Community Discussion Forum Adults and PKU I dont get it


    Here is my story. I am 28. I fully understand the complications due to high blood phes. I have one the lowest tollerancy levels I know 15 exchanges a day or 5g of protien.
    I was excited when for the first time in ten years I got my blood level under 15! It is very hard to manage my line of work (wedding planner) and my travels with the diet, but I guess it would be easier to stick to IF I HAD ANY OF THE SYMPTOMS PEOPLE TALK ABOUT!!!! I have an extremely high IQ ~ always have. I don’t have panic attacks, loss of concentration, mood disorders…I mean what is going on? Ok SO maybe I’m lucky? But really growing up with the other kids in my progam here in AZ~ I had the lowet tolerancy of all of them!!! How do you get motivated??
    I grew up when pregnancy by a pku mom was just about forbidden. I was told at 12 that to have a healthy baby I would have to adopt. Do you know how many pku moms I know who HAVE ADOPTED! Then come to find out its really only crazy restricted your first trimester! Maybe I am just rambling but I am really curious to see if there is anyone out there who shares this experience…[/FONT]

    Avatar of Missy

    Hi there. I saw your post and thought I would reply really fast as I don’t have much time. Got so much to do while my daughter sleeps. I am 33 yrs old and am classical PKU. I also can only have 225 mg of phe a day (15 exchanges…. I count the actual mg of food that I eat.. much more accurate especially with my not being allowed very many and just the slightest off messes with my levels). The diet does take up alot of time. The easiest way I have found to be sure to keep my phe levels down in range and get enough to eat is eating low protein food products with every meal and a little fruits and veggies. I make sure I always have low protein pasta stocked up as they are low in phe and I can use my daily phe more for veggies which I will go crazy if I couldn’t have. As far as having kids…… As long as your levels are between 2-6 mg/dl you and baby should be fine. And yes the diet is strictest during the first trimester. After about the first 2or 3 months of pregnancy as the baby grows your needs for more calories and phe goes up cuz of the baby and the diet gets much easier. I was actually able to enjoy a little regular breads, pastas, regular peanut butter, ice cream while pregnant in the 2cd and 3rd trimesters. Though I was just happy to just be able to eat a bit more potatoes than I normally can on the diet or eat some corn on the cob and peas more often than I could if I wasn’t pregnant. Well my levels pretty much stayed between 2-4 and my daughter was born really healthy. She will be 1 on july 11th and all her milestones mainly have been met a month or 2 in advance of when they usually meet certain ones. If you have any questions feel free to message me.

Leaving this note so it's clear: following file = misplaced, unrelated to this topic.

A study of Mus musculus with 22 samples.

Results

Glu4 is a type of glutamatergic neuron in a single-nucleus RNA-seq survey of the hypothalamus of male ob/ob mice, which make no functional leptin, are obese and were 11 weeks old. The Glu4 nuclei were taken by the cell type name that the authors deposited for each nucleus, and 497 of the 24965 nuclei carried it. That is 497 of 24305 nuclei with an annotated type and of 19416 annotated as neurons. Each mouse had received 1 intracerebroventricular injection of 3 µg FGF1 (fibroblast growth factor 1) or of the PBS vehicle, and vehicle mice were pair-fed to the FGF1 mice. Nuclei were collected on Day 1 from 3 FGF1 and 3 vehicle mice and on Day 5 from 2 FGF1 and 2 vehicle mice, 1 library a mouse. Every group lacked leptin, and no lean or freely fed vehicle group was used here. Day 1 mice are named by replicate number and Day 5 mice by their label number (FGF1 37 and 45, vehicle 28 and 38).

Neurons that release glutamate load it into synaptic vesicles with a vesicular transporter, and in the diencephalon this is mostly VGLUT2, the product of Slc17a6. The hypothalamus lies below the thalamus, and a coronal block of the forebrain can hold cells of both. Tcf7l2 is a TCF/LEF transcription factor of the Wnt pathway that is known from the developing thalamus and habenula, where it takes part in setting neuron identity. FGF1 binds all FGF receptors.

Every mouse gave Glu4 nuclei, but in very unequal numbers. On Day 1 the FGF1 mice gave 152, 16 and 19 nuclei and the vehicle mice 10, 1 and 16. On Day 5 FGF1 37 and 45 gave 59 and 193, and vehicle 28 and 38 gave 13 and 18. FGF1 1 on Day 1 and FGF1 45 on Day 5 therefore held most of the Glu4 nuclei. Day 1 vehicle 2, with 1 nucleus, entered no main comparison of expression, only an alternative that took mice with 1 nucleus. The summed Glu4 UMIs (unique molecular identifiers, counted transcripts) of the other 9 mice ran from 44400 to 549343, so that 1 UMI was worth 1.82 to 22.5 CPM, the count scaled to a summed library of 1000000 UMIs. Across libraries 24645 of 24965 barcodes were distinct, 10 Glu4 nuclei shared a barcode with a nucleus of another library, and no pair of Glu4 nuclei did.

Avatar of Osgood

    THank you for your repsonse- and more importantly congrats on your healthy baby girl!
    I guess for me the question remains the same. There are stories of blood levels being at 15+ and people having seizures and other severe complications and the fact for me remains the same. I have no negative side effects to speak of and my lowest level over a decade span was a 12. SO…its hard to say that with all the resoucres that are there for children why there arent the same for adults. We have just as many issues ( if not more) then a child. nPart of that I know is that there are not many functioning adults with PKU. We are some of the older adults who have adhered to a life long diet and while I am grateful for that, I wish science and support would catch up to my generations needs.

    Avatar of Tracie

    Hi meant2be, nMy name is Tracie, and i am considered borderline PKU.
    I am allowed 60 grams not mgs of protein a day.
    I feel the same way you do. nThe only time i felt ill was when i was off diet. nMy levels can get as high as 10-15 , but i feel no different.
    I eat alot of veggies , reg. rice and potatoes.
    I am also allowed real cheese, but of course no meat of any kind.
    I understand what you mean sometimes you wonder if you even have PKU. nMy parents never believed i had it,but my levels said different.
    I do have a healthy daughter 10 yrs old. nShe is perfect.I was on diet i was so afraid of her not having all 4 chambers of heart or not having all of her limbs. nWhen i was expecting my levels got as high as 10 one time, and i panicked. nThe Drs. were amazed to see how healthy she was. nSo they had us bring her back every 2 hrs. for the next 48 hrs., and still no PKU. nShe was 8lbs 7oz. 21 1/2 inches all natural.
    I hope i was able to help you out.
    I will send you a friend req., and if you have any questions or just want to talk i’m always here. nBy the way what kind of PKU do you have?
    Take care,

    Avatar of Nick

    I can understand your confusion about the lack of symptoms. I was off-diet for about 30 years, but haven’t had any noticeable symptoms. I’m back on-diet now, as well as being on Kuvan – and responding well. I have also been quite intelligent, graduated from college with honors and a double major – while off-diet, and got my master’s degree with around a 3.8 GPA on a 4.0 scale – while working a full-time and a part-time job, and being on-diet only part of the time. In my case, I have variant PKU, with one mild and one severe mutation. As a result, my levels off-diet were never really high…12-15, maybe. From something I read written by Dr. Richard Koch, it isn’t unusual for those with vPKU to go 20-30 years off-diet with no negative side effects. Seems a little unusual with your low phe tolerance, but…every PKUer is different in how they handle phe – even those with the same mutations vary in their phe tolerance. Good that you’ve had the experience you’ve had…despite the low phe tolerance.